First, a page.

What is Supination?

In the context of foot movement, supination refers to the outward roll of the foot during normal motion. When the foot supinates, the weight is borne on the outer edges of the feet.

Excessive supination (underpronation) can lead to issues such as reduced shock absorption and increased risk of ankle sprains, as well as foot aches and pain.

Note: The opposite of supination is overpronation which is when the foot rolls inwards excessively with each step.

What Causes Supination?

Supination can be influenced by a variety of factors, which can be broadly categorised into anatomical, biomechanical and external influences:

Anatomical Factors

  • Foot Structure – Some people have naturally high arches (pes cavus) which can predispose them to supination. The shape and structure of the foot bones can affect how weight is distributed and how the foot moves.
  • Leg Length Discrepancy – A difference in leg lengths can cause one foot to supinate more to compensate for the imbalance.

Biomechanical Factors

  • Muscle Imbalances – Weakness or tightness in certain muscles, particularly those of the lower leg and foot, can lead to improper foot mechanics. For instance, weak peroneal muscles (which control pronation) or tight Achilles tendons can contribute to supination.
  • Joint Mobility – Limited range of motion in the ankle or subtalar joint can affect foot movement patterns, potentially leading to excessive supination.

External Influences

  • Footwear – Wearing shoes that do not provide adequate support or are worn out can contribute to improper foot mechanics and lead to supination.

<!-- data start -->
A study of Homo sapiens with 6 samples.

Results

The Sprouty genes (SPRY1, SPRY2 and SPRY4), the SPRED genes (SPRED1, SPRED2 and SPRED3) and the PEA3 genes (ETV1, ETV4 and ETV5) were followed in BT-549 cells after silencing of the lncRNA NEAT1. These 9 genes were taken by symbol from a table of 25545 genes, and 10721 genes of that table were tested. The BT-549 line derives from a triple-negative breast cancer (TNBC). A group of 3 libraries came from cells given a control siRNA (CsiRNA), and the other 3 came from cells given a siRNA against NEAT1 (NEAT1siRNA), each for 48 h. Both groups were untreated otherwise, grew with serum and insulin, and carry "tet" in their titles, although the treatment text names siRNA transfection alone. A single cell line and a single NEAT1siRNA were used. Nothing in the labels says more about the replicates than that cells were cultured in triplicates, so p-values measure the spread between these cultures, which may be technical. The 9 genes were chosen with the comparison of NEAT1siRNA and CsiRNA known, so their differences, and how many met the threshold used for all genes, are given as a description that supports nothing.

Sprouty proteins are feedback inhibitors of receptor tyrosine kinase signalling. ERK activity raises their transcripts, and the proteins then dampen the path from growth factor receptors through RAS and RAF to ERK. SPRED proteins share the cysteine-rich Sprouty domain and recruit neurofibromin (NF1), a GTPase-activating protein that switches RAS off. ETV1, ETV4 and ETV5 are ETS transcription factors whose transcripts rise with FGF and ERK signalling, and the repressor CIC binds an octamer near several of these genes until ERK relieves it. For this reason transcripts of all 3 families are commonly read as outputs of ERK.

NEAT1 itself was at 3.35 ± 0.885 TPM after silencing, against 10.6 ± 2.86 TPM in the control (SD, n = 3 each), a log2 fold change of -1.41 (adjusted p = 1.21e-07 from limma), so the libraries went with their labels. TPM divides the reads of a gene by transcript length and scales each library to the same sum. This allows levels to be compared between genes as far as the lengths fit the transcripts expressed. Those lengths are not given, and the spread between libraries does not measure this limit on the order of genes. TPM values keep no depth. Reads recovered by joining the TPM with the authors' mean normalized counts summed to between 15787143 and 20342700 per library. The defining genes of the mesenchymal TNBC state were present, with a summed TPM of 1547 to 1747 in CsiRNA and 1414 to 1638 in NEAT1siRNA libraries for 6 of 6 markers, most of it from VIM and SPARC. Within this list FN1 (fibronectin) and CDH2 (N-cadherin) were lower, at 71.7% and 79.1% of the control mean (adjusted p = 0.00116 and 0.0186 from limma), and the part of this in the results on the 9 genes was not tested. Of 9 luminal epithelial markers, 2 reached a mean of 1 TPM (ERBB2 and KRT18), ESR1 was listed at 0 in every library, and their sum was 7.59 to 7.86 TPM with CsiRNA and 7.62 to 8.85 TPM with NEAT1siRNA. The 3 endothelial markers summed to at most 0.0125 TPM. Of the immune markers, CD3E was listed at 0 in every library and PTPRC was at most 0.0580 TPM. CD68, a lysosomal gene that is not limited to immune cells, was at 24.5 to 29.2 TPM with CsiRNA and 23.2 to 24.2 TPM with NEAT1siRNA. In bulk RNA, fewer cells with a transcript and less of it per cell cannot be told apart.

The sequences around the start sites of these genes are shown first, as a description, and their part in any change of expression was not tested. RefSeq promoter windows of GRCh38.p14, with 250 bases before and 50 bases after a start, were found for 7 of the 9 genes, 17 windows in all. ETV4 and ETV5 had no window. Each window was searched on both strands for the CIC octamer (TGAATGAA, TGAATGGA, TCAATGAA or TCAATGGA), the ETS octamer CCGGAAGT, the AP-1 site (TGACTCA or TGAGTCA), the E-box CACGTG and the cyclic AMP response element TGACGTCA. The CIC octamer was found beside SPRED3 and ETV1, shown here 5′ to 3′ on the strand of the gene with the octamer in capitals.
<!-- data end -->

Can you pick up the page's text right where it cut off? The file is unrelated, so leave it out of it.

• Walking/Running Surface – Consistently walking or running on uneven or hard surfaces can exacerbate supination.

Other Factors

  • Genetics – Some individuals may have a genetic predisposition to supination due to inherited foot structure or muscle characteristics.
  • Injury – Previous injuries to the foot, ankle or leg can alter gait patterns and lead to supination as a compensatory mechanism.

Supination Symptoms

Excessive supination can lead to various symptoms and implications in different areas of the lower body. These include:

Foot and Ankle Problems

  • Ankle Sprains – Due to the instability of the outward rolling motion, the ankle becomes more prone to sprains, especially on uneven surfaces.
  • Plantar Fasciitis – This can also strain the plantar fascia, leading to inflammation and heel pain.
  • Stress Fractures – The reduced shock absorption associated with high arches can lead to stress fractures in the bones of the feet, especially in the metatarsals.
  • Heel Pain – Increased pressure on the heel can lead to heel related conditions such as heel spurs.

Knee and Leg Issues

  • Iliotibial (IT) Band Syndrome – The altered gait mechanics can cause irritation and inflammation of the IT band, leading to pain on the outside of the knee.
  • Shin Splints – The abnormal distribution of forces can lead to pain and inflammation in the shin area, known as medial tibial stress syndrome.
  • Patellar Tendonitis (aka. Jumpers knee) – This is when the tendon connecting the kneecap to the shinbone gets inflamed. It can be exacerbated by improper foot mechanics.

Hip and Lower Back Pain

  • Hip Pain – The compensatory movements and altered gait can place additional stress on the hips, leading to discomfort and pain.
  • Lower Back Pain – Poor foot mechanics can cause changes in posture and movement patterns, contributing to lower back pain.

General Symptoms

  • Calluses and Blisters – Excessive pressure on specific parts of the foot can lead to calluses and blisters.
  • Foot Fatigue – The muscles in the feet may tire more quickly due to inefficient movement patterns.

How to Treat Supination

If supination is causing discomfort or leading to injuries, several methods of treatment can help relieve the symptoms:

  • Proper Footwear – Wearing shoes with good arch support and cushioning designed for underpronators.
  • Orthotics – Custom footwear orthotic insoles and inserts can help correct foot mechanics.
  • Strengthening and Stretching Exercises – Targeted exercises can help address muscle imbalances and improve joint mobility.
  • Physical Therapy – A physical therapist can design a comprehensive program to address muscle imbalances, improve joint mobility, and correct gait abnormalities.

If you’re experiencing serious foot pain due to supination, it’s always best to seek the help of a podiatrist so they can physically assess you and provide you with the best advice for recovery.